Dressing room divide '˜was like a cancer through the club' - John Oster
John Oster has described the divide in the Doncaster Rovers dressing room under Dean Saunders as 'a cancer through the club'.
In an extraordinary interview, the 39-year-old says the team dynamic at Rovers during the infamous ‘experiment’ was the worst he witnessed during his 21-year playing career.
Oster, who made 119 appearances for Doncaster between 2009 and 2012, also made a startling revelation about Habib Beye - one of several foreign players to join the club as part of a link-up with agent Willie McKay - claiming the Frenchman flew in on weekends just for games and did not train with the team during the week.
Speaking on the Wise Men Say podcast - a show dedicated to Sunderland, another of Oster’s former clubs - the former Wales international was asked if he had ever been part of a dressing room in which a certain core of players clearly did not care and another group of players did care.
“Yes, and it was at Doncaster,” he replied.
“Dean Saunders was the manager and we had Chimbonda, El Hadji Diouf, Habib Beye, Ilunga - actually he was all right, he was one of the good guys actually - and a few more that you’ve probably never heard of. One from Blackburn etc etc.
“So Habib Beye, I think Newcastle released him and he was still on something stupid like £40,000 a week at Newcastle.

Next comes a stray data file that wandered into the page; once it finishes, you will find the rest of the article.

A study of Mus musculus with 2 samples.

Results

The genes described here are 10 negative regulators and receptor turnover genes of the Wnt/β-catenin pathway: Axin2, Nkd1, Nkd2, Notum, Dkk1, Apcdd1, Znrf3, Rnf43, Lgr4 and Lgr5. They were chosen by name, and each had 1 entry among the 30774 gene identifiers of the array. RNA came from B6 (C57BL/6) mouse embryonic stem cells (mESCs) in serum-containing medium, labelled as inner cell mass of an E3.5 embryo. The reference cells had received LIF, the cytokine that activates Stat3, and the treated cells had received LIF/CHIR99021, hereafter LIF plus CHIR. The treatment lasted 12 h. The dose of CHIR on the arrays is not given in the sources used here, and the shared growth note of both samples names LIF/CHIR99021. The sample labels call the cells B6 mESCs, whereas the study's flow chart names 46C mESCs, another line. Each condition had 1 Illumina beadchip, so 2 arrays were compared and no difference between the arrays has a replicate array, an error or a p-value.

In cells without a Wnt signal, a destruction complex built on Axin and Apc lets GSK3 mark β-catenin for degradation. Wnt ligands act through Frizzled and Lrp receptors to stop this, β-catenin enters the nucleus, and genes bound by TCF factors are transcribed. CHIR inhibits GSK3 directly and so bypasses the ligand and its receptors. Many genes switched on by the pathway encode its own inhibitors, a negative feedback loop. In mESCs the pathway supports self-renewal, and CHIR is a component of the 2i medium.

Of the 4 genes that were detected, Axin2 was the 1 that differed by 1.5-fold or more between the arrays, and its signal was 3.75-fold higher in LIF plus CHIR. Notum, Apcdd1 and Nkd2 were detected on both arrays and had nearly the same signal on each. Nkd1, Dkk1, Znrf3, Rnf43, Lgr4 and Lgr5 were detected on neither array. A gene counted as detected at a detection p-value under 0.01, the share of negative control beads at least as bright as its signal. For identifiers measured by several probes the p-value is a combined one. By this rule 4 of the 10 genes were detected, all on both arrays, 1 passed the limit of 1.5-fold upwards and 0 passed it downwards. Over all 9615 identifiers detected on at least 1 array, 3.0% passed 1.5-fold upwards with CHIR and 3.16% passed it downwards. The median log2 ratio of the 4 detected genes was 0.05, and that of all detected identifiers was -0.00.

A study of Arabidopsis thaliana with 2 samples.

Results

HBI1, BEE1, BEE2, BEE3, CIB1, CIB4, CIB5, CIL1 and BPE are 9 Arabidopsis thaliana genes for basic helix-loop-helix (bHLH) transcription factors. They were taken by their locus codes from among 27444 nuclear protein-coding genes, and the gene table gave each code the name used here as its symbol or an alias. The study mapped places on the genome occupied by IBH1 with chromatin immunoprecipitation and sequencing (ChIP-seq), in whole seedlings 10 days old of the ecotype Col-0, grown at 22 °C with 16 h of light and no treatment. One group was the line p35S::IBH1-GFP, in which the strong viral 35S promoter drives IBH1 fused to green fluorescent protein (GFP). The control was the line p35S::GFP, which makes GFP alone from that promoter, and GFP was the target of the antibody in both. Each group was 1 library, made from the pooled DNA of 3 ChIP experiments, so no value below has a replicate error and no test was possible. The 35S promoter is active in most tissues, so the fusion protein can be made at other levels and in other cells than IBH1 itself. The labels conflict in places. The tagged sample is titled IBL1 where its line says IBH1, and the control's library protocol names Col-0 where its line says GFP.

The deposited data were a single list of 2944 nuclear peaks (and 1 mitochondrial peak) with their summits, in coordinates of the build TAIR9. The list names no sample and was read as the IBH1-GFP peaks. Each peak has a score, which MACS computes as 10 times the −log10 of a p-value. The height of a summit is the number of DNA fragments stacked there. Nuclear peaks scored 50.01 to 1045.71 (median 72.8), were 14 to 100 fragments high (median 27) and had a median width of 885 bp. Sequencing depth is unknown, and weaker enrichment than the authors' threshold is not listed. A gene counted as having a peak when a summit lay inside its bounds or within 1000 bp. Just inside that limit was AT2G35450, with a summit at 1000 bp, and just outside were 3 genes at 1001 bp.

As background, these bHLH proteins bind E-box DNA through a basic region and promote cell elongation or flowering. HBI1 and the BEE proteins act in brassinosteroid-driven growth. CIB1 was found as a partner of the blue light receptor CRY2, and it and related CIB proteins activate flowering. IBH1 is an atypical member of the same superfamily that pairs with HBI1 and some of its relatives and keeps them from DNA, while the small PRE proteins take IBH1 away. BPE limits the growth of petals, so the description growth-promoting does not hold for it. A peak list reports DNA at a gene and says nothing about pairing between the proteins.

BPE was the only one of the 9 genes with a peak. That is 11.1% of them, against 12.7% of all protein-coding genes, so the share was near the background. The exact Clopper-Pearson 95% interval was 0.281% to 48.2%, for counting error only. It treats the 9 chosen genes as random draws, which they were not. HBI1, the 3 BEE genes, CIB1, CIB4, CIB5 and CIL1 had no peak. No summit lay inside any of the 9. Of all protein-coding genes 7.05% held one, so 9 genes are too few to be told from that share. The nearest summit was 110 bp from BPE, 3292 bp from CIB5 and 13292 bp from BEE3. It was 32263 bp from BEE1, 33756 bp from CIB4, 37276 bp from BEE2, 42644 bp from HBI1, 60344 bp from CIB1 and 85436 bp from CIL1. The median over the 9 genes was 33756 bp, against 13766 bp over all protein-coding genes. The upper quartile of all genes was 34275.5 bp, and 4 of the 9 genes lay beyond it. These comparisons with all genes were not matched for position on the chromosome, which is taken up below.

“He was living in France at the time and he basically flew over on a Friday, stayed over Friday night, played a game on the Saturday and flew back and we never saw him again until the next Friday.
“Everyone was thinking ‘what’s going on?’
“But then after every single game there was just argument after argument, blaming this, that and the other.
“Dean Saunders would have a go at the English lads and never say anything to people like Dioufy, who is walking round like he thinks he runs the place.
“It was ten times worse than the dressing room we had at Sunderland because I don’t think within the dressing room [at Sunderland] they hate each other, whereas [at Doncaster] we had hate towards each other.
“It was mental. It was a lot worse than I’d say Sunderland’s dressing room is [now].
“It was almost like an ‘us and them’,” he added.
“But the manager sort of created it off his own back because he treated them differently to us.
“They would turn in late and Chimbonda, he’d be injured and he’d just leave the physios [who would say] ‘come and see me this afternoon’ and he’d just go and have a shower and just leave and no one would say anything,
“They just did what they wanted and we were all thinking ‘so we have to abide by all the rules and then they just walk around doing what they want?’
“Like I say it was an ‘us and them’ scenario.
“It was like a cancer through the club really.”
He continued: “After the games there was countless finger pointing. The odd one, now and again, it nearly came to fisticuffs.
“It was pretty bad.
“That was the worst thing I’ve ever seen in a dressing room.
“They [the foreign lads] weren’t exactly workaholics either.
“Dioufy obviously had ability and he’d do some great stuff but then if the chips were down you just didn’t want to be counting on them. That was the problem.”
Saunders was appointed as Sean O’Driscoll’s successor but could not prevent relegation from the Championship in 2012.
Oster retired in 2015 after a spell at Gateshead. He is the second player in a matter of weeks to lift the lid on the 2011/12 season after Chris Brown said “there was nearly fights in the changing room after every game” in his new podcast.